The molecular basis for sarcomere organization in vertebrate skeletal muscle

Zhexin Wang, Michael Grange, Thorsten Wagner, Ay Lin Kho, Mathias Gautel, Stefan Raunser - Department of Structural Biochemistry, Max Planck Institute of Molecular Physiology ; The Randall Centre for Cell and Molecular Biophysics, School of Basic and Medical Biosciences, Kings College London

Sarcomeres are force-generating and load-bearing devices of muscles. A precise molecular picture of how sarcomeres are built underpins understanding their role in health and disease. Here, we determine the molecular architecture of native vertebrate skeletal sarcomeres by electron cryo-tomography.

Our reconstruction reveals molecular details of the three-dimensional organization and interaction of actin and myosin in the A-band, I-band, and Z-disc and demonstrates that α-actinin cross-links antiparallel actin filaments by forming doublets with 6-nm spacing. Structures of myosin, tropomyosin, and actin at ~10 Å further reveal two conformations of the “double-head” myosin, where the flexible orientation of the lever arm and light chains enable myosin not only to interact with the same actin filament, but also to split between two actin filaments. Our results provide unexpected insights into the fundamental organization of vertebrate skeletal muscle and serve as a strong foundation for future investigations of muscle diseases.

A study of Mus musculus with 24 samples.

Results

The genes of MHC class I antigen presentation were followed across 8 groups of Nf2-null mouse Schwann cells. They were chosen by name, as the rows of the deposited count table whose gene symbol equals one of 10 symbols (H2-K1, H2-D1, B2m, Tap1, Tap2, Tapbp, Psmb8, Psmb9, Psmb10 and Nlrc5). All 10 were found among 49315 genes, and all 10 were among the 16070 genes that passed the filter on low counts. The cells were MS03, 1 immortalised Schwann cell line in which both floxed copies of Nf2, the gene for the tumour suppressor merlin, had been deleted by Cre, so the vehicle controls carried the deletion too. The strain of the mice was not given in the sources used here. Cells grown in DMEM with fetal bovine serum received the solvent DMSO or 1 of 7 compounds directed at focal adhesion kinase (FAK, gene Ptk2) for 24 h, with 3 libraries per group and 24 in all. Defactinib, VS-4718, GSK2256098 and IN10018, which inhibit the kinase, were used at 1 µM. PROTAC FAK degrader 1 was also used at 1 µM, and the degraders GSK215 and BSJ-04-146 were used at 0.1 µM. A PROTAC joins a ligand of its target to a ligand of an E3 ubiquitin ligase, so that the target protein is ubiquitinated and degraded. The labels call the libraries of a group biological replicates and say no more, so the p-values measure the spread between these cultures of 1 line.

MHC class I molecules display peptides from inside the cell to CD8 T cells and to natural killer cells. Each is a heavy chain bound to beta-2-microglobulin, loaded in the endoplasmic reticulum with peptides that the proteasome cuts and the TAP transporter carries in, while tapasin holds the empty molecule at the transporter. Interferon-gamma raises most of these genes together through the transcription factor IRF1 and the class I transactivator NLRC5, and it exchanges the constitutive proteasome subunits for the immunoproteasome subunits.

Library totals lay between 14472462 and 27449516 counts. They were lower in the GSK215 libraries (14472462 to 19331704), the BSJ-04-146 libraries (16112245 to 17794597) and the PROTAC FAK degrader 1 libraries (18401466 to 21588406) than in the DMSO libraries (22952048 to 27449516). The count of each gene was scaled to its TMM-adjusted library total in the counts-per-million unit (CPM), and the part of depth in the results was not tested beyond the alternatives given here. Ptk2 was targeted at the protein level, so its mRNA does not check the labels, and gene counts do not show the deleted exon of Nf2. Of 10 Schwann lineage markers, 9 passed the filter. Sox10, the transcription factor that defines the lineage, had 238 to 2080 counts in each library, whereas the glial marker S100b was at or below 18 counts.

How Amira-Avizo Software is used

In order to visualize the organization of cross-bridges between thin and thick filaments, the densities of a complete A-band were annotated manually using Amira (Thermo Fischer Scientific) on a slice-by-slice basis. A user-defined mask based on gray values was used during manual annotation to prevent the picking of weaker densities. The 2D annotation stacked to form a 3D segmented volume depicting the arrangement of thin and thick filaments as well as the cross-bridges formed by myosin heads.